Discussion in 'Parents of Children with Type 1' started by CandiceMcG, Feb 4, 2010.

  1. CandiceMcG

    CandiceMcG Approved members


    My husband is on the same pump (Ping), having transitioned last year. And as a former statistics professional, I'm pretty good with numbers. What do you think?
     
  2. Toni

    Toni Banned

     
  3. Nancy in VA

     
  4. frizzyrazzy


    We had to stay at the dr's office for about a half a day, but it's in a major hospital, so there were plenty of places for us to go...Our day went like this:
    8am or so, hook up. free to go

    10am back to the clinic for bg check etc
    snack on our own
    12pm back to the clinic for another bg check
    lunch
    2pm back to the clinic - free to leave.

    And then we went out to dinner and at all sorts of things that required 10 boluses and it was completely FUN! It was a bit nerve wracking that first night, but we had already been 2 years into diabetes, so we were prepared. I suspect you'd be JUST fine at home. It's not like this is a new thing for you either.
     
  5. denise3099


    I'm NOT saying you should fly solo on this, but admission to a hosptal I think is overkill. When we started, I did pump training online and read Pumping Insulin. I didn't understand any of it really. I read the books that came with the pump--still no real understanding. Then the rep came to the house and showed us everything. She was there for 2 hrs and set us up with saline. then everything clicked and I finally understood all the stuff I'd been studying. A week later the rep came back to answer questions and set us up on the hard stuff. I checked bs religiously and called her each night for 2 or 3 days, as well as sent in the charts. We made adjustments, and stayed in touch. Lots of communication and teaching but no reason to spend time in the hosptial. Besides, that's where they keep all the germs! ;)
     
  6. jennmcc


    I would say go with what makes you feel comfortable. If you think you can handle it without the hospital stay then I would do that. Good Luck!
     
  7. frizzyrazzy

     
  8. thebestnest5


    We demonstrated that we had studied insulin pump therapy and that we would be providing BG numbers on an insulin pump log via fax to the doctor's office/CDE.

    We went to the CDE's office, set up the pump; did the first site change, and we were out of there and on our way home within an hour.
     
  9. Michelle'sMom


    We drove 6 hours to the endo for saline trial/pump class last month. We thought we were set for pump start at home Mon Feb 8. Animas trainer called today & we will do start in a nearby town (easier with her schedule & more to do while we hang out for the day) on Sunday.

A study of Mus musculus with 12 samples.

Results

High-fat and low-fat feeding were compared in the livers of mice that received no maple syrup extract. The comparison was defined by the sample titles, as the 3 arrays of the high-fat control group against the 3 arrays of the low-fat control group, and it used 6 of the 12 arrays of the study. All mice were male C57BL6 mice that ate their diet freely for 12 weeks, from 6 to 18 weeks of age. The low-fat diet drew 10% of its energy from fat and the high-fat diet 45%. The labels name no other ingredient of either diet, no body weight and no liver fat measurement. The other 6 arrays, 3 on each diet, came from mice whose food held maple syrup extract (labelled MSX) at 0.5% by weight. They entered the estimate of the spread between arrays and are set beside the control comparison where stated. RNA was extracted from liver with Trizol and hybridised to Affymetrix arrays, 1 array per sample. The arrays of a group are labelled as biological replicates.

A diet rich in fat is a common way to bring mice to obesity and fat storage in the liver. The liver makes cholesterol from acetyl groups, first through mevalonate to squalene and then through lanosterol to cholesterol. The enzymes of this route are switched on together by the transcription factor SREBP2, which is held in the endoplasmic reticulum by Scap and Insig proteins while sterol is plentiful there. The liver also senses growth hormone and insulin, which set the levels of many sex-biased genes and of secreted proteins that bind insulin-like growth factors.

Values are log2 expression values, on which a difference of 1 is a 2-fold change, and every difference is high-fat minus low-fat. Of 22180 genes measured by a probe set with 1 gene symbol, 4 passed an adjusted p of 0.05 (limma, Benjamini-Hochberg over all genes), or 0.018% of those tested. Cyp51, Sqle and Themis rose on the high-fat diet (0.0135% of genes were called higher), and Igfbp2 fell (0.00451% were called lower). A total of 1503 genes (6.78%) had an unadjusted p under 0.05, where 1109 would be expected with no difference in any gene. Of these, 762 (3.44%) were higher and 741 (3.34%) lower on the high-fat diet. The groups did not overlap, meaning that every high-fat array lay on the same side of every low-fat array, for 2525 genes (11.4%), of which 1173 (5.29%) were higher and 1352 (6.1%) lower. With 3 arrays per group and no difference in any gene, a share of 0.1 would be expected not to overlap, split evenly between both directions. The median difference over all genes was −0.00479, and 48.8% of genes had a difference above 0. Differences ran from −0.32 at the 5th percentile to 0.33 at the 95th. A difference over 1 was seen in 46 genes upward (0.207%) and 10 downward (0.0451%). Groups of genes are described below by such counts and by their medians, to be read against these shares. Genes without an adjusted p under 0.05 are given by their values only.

I can see the advantages to a hospital stay, but for my DD the trauma of being hospitalized again would outweigh any advantages.
     
  10. candise

    candise Approved members

     
  11. Beach bum


    Then we went down to the endo and the loaded it with insulin, recapped some basics, gave us basals and ratios, and sent us on our way. We called in our #'s daily, made any changes needed, then went back for a follow up a week later.

    Checked in weekly with our nurse and we made changes as needed, we did this for some time, more for my comfort.

    Isn't it common, though, in some European countries to go in the hospital for pump transition?
     
  12. Sarah Maddie's Mom

    Hospital stay?? I don't think so :rolleyes:
     
  13. swellman

     
  14. Charliesmom

    For us a hospital stay would be a waste of time and money.
     
  15. Kayeecee

     
  16. mmgirls


    My dd was only 18 months and my husband was away and the endo had never put someone so small on the pump, and I really think that the insurance required it.

    But if i had to do it again, definatly at home keeping things as normal as possible.
     
  17. jcanolson

     
  18. Hollyb


    I can't see the point of being in hospital AT ALL.
     
  19. CandiceMcG


    Thanks for all your input everybody! It's so nice to hear from you experts! =)
     
  20. nanotechmama

    nanotechmama New Member


    I am glad she chose the in-patient, because she will be checked every hour at night, and my husband and I don't really want to have to do that.

    Currently our daughter is on conservative therapy, two injections twice a day with relatively fast acting and slow acting insulin (Actrapid and Insulatard). During the hospitalization we will switch to the multiple daily injections. The fast-acting insulin will be switched to the extremely fast acting one that is also in the pump, and the slow acting one will also be switched to the one that is used in the pump.

    We live in Switzerland, and when she was diagnosed she was hospitalized for 2 weeks. We got (and still get) so much help, and the hospital is unlike anything I ever experienced in the States.